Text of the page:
Joe Cooke is the owner of Cooke’s Pie and Mash shop in Hoxton, an East London institution that was founded by his great-grandfather Robert in 1862. According to Joe, his ancestor didn’t just own many pie and mash shops and pubs in the East End, he actually started the pie and mash business by selling pies indoors, rather than from a market stall. He was also apparently the first to serve the pies with ‘liquor’, the traditional parsley sauce which normally would have gone with fish: “Probably because he was Irish descent and he was drunk.”
Joe was born in Clapton, so “strictly speaking” he is not a Cockney: “You’d have to have bionic ears to hear [the sound of Bow bells] here.” Raised in Hackney, Joe is a “Hackney boy”, and later moved to Chingford. “I don’t know about the language and the culture, but we’re certainly promoting the Cockney food.” Jellied eels is a very Cockney meal, he tells me, because Cockneys were poor and eels were “always dead cheap and very plentiful”.
Pie, mash and jellied eels is “the most traditional food in this part of the world” and his customers are “proper old school Cockneys”, some in their nineties, who have eaten there for decades. “This is the thing with a family business. You go through your family of four generations, but you go through other families of your customers in generations. We have the grandchildren come in, with the mum, and the grandmother, and in some cases the great-grandmother.”
However, following some extremely popular YouTube documentaries about his shop, Joe now gets visitors from all over the world: Peru, Brazil, Japan, Singapore and every European country. Interestingly, he says, “he gets more of a reaction to the eels from people from the UK.” Foreigners are generally keener to try the local delicacy, “they expect it is foreign food.”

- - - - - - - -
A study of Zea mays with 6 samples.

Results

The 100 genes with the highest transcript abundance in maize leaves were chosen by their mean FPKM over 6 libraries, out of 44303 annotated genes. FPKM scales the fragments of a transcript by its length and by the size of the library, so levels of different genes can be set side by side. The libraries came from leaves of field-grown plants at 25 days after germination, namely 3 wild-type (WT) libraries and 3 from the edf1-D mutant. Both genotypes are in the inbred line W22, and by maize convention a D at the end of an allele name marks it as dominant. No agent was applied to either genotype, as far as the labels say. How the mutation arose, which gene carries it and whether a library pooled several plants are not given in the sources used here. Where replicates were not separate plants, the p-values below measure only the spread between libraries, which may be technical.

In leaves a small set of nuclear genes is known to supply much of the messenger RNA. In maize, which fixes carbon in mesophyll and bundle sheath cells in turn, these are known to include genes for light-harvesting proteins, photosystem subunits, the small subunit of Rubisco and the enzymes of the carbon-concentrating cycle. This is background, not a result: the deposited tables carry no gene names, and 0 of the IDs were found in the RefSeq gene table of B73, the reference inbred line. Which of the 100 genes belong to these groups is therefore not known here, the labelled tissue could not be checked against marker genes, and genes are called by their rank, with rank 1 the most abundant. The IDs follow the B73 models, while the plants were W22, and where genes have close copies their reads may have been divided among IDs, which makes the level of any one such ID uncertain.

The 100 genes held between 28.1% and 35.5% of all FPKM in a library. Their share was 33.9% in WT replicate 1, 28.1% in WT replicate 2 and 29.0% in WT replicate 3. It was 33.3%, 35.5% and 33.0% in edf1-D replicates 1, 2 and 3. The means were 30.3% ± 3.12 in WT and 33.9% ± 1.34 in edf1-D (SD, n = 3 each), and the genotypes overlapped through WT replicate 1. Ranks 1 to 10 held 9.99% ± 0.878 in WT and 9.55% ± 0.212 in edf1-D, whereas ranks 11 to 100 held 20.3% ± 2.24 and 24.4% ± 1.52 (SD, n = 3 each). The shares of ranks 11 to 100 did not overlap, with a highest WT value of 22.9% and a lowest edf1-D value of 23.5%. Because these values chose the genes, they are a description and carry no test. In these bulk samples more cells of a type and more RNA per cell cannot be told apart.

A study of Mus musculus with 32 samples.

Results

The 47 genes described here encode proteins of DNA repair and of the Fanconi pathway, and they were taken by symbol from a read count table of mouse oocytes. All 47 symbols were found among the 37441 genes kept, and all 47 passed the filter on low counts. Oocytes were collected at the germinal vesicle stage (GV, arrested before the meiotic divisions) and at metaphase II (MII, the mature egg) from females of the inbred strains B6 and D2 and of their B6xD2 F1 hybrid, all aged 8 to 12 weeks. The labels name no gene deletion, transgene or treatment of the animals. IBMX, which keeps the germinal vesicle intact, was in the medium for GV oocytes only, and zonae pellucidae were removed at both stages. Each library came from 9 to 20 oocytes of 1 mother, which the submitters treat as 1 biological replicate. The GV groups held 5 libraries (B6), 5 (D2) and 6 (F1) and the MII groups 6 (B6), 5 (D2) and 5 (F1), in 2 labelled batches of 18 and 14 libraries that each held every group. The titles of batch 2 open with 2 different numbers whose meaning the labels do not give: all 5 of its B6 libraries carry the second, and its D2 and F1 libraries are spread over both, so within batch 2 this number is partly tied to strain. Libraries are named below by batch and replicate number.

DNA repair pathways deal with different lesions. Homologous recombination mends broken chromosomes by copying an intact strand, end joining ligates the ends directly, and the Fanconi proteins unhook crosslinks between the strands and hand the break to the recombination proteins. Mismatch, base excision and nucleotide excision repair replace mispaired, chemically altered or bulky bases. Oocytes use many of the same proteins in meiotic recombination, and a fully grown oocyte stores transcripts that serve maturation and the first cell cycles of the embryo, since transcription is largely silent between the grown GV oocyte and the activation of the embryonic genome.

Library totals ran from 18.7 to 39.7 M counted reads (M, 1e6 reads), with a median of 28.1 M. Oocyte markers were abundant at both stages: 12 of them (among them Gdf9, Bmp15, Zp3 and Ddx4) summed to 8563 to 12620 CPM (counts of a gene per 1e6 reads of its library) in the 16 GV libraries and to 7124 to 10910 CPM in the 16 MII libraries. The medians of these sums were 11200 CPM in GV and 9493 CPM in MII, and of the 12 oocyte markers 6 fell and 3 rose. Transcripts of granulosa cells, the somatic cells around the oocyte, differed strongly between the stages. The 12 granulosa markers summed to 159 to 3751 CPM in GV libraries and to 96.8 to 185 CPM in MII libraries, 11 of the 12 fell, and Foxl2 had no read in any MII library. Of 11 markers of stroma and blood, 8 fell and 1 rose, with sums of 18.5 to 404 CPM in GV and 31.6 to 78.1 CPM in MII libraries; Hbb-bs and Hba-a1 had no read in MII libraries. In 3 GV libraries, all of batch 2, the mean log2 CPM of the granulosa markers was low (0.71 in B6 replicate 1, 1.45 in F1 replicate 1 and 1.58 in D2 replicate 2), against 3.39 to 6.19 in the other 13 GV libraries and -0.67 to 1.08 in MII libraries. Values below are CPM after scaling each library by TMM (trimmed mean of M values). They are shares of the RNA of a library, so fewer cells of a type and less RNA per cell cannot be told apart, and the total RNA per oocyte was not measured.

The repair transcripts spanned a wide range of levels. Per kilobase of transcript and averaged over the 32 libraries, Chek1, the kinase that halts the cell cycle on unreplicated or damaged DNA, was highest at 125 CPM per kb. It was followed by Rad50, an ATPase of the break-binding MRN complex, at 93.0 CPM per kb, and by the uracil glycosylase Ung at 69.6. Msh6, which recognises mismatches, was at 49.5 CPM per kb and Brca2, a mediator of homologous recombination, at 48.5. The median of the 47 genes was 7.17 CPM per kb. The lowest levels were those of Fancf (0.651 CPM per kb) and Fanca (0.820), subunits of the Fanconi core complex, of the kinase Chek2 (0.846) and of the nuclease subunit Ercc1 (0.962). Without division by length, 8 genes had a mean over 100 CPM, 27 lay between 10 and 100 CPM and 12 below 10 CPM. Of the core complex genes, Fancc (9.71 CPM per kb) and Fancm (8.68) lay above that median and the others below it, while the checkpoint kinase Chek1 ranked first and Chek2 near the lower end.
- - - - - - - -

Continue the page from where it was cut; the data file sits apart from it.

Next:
Joe doesn’t think that the demand for pie and mash shops as such has declined. Rather, there is now more competition where initally “the economic pie was made up of three things you could generally eat: fish and chips, cafés and pie and mash. So I think it’s just been the gradual – and in some cases quite fast – introduction of all the other foreign food. And I remember Kentucky Fried Chicken coming over here.”
Dealing with his customers has brought Joe into contact with many different accents and ways of speaking, but the one distinction he associates with London is that between north and south of the river. “It’s tribal. We are the tribe of the north, and they are the tribe of the south. They speak a bit funnier, a little bit different to us, and they’re a different people”. “It’s all light-hearted”, he adds and many of his family members actually settled in South London. “But as my cousin always used to say: the only good thing in south London is the bridge leading north.”
Joe and his family are fluent in “butchers'” back slang speakers, and he and his daugther use is as a secret language when they’re on holiday. He says, he speaks with a “regular London” accent, which to him is still very recognisable, especially when compared to other English accents. “London speakers – be it north or south of the Thames – it’s like you’ve been hit over the head with a mallet when you hear ’em. It’s subtle, but it’s boom! Know where you’re from!”